Jonathon Porritt at the Low Carbon Communities Network conference

This is a summary of Jonathon Porritt's speech at the Low Carbon Communities Network conference, Jan 14th 2012.

Jonathon gave a speech that was both inspiring and challenging. He started by setting out the barriers we are facing, but also showed ways forward. He spoke for about 20 minutes: his key points were in summary:

All around the world work on the low carbon economy is being done against a backdrop where fossil fuel investments and subsidies are prioritised, leading to a hugely ‘unlevel playing field’. There is a need to build in the externalities to level that field. In US much leading edge work on climate change is now focusing on impacts on health rather than on CO2, using increasingly authoritative health impact appraisals of coal fired power stations to start to force the industry to take this externality on board.

While the energy playing field is systematically distorted to favour fossil fuels all low carbon work is having to work against the grain of the market. We have to work very hard to make change happen. But the markets are starting to come to a very different place.

Grid Parity for PVs is out there in the not too distant future. The Grid Parity Moment (GPM) will come when we can deliver solar generated power at prices that are as or more competitive than fossil fuels. When do you see the G P M? Are you optimistic - is it 2014 - 15? - the very near future that many analysts believe or is it the more cautious or negative view from companies such as BP, where the GPM is not until 2024-25.

Because when that GPM comes the markets will act very differently. Investments will shift very fast. And let’s recognise that we are at a point where Chinese manufacturers are certainly working to get to the GPM by 2015. “I never thought that I would be around at that moment. It was not in my mind that this level of scaling and innovation would happen so fast”. And those Chinese manufacturers are not really interested in Grid Parity - 1 dollar / watt. They are looking to get to 50 cents / watt - that’s twice as cheap as fossil fuels. And that’s out there in the not too distant future.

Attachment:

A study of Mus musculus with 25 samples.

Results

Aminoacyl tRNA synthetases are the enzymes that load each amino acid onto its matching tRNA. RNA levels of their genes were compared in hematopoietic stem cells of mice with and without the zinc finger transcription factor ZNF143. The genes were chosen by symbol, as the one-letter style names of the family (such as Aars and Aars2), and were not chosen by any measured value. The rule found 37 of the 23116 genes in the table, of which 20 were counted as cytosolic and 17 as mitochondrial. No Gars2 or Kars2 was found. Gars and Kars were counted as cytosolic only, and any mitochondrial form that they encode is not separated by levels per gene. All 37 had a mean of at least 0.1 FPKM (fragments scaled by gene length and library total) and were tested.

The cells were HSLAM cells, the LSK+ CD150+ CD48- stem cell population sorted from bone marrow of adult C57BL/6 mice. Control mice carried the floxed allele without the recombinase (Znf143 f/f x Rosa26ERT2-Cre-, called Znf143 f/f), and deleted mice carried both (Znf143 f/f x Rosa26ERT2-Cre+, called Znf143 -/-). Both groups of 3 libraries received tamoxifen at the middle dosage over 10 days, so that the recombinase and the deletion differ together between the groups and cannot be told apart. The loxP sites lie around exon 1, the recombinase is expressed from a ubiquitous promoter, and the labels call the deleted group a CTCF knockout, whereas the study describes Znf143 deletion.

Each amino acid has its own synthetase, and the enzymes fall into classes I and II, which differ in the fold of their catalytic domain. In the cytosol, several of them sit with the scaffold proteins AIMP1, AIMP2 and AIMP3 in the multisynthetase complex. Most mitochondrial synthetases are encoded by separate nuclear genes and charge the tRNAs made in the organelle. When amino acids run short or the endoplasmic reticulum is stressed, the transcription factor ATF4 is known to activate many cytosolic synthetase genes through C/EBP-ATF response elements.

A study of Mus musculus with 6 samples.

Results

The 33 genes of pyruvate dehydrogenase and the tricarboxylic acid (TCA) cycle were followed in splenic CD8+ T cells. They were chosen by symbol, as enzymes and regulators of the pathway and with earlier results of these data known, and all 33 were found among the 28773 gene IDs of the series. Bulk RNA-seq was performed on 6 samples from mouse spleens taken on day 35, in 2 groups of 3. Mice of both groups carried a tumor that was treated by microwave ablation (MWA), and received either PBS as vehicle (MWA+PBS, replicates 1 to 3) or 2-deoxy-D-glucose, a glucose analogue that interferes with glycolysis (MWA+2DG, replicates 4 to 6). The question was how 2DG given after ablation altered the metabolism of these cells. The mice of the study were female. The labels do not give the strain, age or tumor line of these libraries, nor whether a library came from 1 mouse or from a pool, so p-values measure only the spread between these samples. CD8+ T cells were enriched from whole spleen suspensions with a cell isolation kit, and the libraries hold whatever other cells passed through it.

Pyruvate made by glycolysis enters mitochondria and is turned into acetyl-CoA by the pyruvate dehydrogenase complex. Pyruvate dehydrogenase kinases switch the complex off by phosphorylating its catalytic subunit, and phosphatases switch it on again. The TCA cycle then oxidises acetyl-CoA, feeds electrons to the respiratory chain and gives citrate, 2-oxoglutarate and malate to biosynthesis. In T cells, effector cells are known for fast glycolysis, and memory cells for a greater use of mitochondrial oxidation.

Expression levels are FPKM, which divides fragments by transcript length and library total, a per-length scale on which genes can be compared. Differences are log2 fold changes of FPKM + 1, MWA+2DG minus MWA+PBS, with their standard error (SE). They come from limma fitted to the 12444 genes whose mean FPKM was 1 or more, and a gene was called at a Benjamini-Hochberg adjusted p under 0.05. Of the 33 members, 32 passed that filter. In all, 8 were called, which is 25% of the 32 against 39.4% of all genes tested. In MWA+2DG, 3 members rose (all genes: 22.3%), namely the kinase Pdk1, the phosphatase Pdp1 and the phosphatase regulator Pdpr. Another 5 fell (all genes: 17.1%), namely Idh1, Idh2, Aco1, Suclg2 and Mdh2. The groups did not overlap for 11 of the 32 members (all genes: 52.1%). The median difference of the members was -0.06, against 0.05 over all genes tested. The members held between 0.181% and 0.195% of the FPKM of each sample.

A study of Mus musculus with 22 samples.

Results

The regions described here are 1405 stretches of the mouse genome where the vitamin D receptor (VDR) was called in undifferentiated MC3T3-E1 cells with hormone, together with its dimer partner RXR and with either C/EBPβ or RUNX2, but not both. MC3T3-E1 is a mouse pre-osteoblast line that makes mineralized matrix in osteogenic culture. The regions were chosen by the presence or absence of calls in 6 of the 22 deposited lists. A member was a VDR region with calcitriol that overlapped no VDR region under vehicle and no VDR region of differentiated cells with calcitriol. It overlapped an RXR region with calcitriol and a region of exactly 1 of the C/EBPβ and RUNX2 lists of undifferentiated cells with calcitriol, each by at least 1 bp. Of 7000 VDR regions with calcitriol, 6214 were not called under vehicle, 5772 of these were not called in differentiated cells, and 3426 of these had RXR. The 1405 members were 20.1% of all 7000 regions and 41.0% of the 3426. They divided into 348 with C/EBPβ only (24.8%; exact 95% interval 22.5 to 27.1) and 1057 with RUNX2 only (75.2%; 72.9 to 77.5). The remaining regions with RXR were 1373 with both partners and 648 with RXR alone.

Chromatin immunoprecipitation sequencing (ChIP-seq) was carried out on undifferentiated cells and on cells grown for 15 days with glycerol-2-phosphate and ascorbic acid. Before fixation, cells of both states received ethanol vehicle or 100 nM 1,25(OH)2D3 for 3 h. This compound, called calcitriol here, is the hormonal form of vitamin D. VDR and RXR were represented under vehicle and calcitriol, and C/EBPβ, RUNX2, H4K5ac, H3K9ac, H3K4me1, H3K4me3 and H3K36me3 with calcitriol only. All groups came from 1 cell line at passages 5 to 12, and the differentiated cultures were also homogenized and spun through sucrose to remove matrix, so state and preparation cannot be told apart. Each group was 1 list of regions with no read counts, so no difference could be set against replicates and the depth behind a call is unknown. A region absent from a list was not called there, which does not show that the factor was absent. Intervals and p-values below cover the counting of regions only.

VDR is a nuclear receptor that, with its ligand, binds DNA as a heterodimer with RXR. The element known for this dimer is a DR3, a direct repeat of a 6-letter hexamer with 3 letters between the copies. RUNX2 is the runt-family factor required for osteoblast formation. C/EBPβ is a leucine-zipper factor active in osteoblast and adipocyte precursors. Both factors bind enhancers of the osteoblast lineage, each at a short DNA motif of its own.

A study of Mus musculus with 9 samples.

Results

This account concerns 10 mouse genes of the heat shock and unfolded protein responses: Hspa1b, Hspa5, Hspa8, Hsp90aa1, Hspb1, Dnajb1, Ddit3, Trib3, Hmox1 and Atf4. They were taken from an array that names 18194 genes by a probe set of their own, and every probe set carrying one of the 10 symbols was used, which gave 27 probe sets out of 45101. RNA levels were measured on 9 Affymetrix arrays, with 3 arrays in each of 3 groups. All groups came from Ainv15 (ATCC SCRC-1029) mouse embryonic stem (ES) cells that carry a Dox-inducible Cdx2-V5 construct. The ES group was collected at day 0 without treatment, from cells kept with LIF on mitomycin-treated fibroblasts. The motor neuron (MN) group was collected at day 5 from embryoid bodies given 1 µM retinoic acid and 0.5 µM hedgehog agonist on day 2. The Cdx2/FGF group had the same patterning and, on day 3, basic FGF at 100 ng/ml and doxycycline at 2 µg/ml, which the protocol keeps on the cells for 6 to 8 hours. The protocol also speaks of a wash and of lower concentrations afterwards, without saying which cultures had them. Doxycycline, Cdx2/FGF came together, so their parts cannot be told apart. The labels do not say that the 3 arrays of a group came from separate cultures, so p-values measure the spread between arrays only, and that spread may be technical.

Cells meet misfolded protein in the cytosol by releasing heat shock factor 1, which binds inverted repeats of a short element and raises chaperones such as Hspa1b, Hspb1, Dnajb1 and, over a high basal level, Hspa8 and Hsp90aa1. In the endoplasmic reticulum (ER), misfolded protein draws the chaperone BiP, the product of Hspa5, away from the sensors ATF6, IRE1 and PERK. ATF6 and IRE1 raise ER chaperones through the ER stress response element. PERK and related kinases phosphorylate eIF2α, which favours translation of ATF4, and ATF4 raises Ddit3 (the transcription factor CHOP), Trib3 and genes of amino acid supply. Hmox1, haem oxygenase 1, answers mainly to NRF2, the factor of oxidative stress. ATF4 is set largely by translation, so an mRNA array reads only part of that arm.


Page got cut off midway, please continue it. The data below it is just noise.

Look down the pipeline on any low carbon technology. The pace of change is breath-taking. Electric vehicles are about to change radically as the batteries move from current clunky dirty technologies with huge increases in efficiency. The ‘merest glimpse of innovation’ will show you how far battery technology will change in the next 5 years. Every low carbon energy technology is undergoing an innovation revolution.

I don’t know why our politicians don’t get it! I don’t want to deliver knocking copy. But it is staggering that when there is this set of wealth generating technologies emerging, our politicians are completely failing to move forward. Are they looking for opportunities in a tough situation? No - they are preaching austerity and ignoring this ‘glittering jewel’. In fact they are ‘systematically trashing this opportunity’ in a way that will make them a laughing stock in the future.

It is hard to believe that politicians are so inept and so badly advised by civil servants that they are missing this opportunity. Greg Barker has started to use the language of the Daily Mail with talk of how ‘what we don’t want to do is to load the whole cost of this new technology on to peoples’ bills’. This is not a smart way to invest in and build a new low carbon economy: the prize and the opportunity are being thrown away.

A further barrier is that communities themselves are often struggling to see their role is in this change. Forum for the Future worked with the National Trust in two rural villages to assess how far we can we move such villages in the low carbon direction and tackle the disillusion that people feel about climate change. Before and after surveys showed that well informed and supportive work can have a very real and positive impact on that feeling of helplessness. There are many other examples.

We can do it at that level but barriers of scale persist. Another barrier is us. Many are scared of change. This new way forward is hugely challenging for those people who just want to see electricity as something that comes out of a socket.

There are these barriers - the level of disengagement, the distortion of the markets, the global picture, the current government.

And given the barriers it is astonishing. We are crashing through those barriers, developing a new economy built on the proliferation of low carbon projects, many at community level.

We can’t just do this through good projects. However much we scale up we have to combine all this on the ground action with engagement with political action and policy change.

Every radical transformation of society has always been the result of combining ‘on the ground’ work and political action. That combination is as important today as it ever has been.

In questions Jonathon covered a range of issues, including work by local councils, new political movements such as Occupy, the ‘stupidity’ of nuclear power (he announced a new paper on the economics of nuclear power to be out in a few weeks), and approaches to a low growth / zero growth economy (he suggested that we have had this landed on us by recent developments).